Julia Nelson Hawkins on Researching a Pandemic While Living in One

Julia Nelson Hawkins, Associate Professor in the Department of Classics, leads a group of clinicians and humanities scholars in the Discovery Themes-funded project “Humanities in the Pandemic” that seeks to increase academia and public awareness about the role that arts and humanities play in global health crises. She talks with David Staley about the project and what we can learn from previous pandemics on this week’s Voices of Excellence.

Shannon Winnubst on “The Past That Is Never Past:” Anti-Blackness & Anti-Indigeneity

Shannon Winnubst, Professor and Chair of the Department of Women’s, Gender and Sexuality Studies, researches queer and trans studies, race theory, psychoanalytic theory, and 20th century French theory. Energized by the Black Lives Matter movement, she talks about new language that is emerging in the public sphere to name systemic racism and the deeper encounter it offers, especially for white persons and institutions, with the centuries-long violence. For more of her discussion with David Staley, listen to this week’s Voices of Excellence.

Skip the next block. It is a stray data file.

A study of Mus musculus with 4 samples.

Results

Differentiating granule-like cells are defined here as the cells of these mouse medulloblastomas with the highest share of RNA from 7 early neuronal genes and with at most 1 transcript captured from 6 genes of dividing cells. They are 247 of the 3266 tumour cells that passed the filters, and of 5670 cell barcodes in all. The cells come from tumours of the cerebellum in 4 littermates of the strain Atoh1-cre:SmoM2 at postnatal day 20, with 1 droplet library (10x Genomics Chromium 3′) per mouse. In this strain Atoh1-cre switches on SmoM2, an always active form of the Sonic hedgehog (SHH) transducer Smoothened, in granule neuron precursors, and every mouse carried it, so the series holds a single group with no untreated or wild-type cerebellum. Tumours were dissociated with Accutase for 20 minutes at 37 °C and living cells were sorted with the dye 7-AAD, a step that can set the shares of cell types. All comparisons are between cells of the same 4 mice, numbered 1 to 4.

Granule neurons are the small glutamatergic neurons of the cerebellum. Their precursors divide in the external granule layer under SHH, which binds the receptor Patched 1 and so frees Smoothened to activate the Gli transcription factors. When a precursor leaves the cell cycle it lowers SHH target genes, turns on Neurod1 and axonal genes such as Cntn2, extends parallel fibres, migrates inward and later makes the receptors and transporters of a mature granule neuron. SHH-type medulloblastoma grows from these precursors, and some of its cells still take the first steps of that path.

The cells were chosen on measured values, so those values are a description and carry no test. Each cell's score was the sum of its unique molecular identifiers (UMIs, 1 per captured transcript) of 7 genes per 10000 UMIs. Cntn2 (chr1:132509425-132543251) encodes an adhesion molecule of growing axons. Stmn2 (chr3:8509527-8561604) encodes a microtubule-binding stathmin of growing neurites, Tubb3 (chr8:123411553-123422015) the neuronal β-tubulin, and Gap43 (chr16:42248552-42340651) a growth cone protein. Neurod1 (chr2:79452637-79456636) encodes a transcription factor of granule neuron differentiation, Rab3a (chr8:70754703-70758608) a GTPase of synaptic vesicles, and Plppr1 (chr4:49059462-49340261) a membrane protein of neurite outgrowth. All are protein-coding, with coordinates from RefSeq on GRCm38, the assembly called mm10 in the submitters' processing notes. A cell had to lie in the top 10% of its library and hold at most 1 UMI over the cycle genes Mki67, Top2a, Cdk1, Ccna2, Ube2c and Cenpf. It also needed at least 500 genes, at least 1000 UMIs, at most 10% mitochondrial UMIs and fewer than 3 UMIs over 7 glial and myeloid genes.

Katra Byram Asks “How Do Germans Regard the Mothers of World War II?”

Associate Professor of Germanic Languages and Literature, Katra Byram, is a core member of Project Narrative and co-editor of The Ohio State University Press book series. Her current research examines the complicated and, for her, ambivalent roles played by German mothers and grandmothers in post-war German literature. For more of her discussion with David Staley, listen to this week’s Voices of Excellence.

Nicholas Breyfogle on the Impact of Discounting Russia in 1991

“There was a time after the end of the Soviet Union in 1991 where Americans, others in Europe, and other places in the world discounted Russia as a global power. And this was a mistake,” says Nicholas Breyfogle, Associate Professor, Director of the Goldberg Center, and an expert on Russian and Soviet history and global environmental history, especially the history of water. Listen in as he describes the impact of this mistake all the way to our current times on this week’s Voices of Excellence.

Judson Jeffries: Why the BLM Protests Look New

Judson Jeffries, Professor of African American and African Studies, researches media studies, public policy, Homeland Security, African American politics, and police-community relations. He sees the BLM protests as having a new kind of participant and perhaps a new kind of possibility for success. For more of his discussion with David Staley, listen to this week’s Voices of Excellence.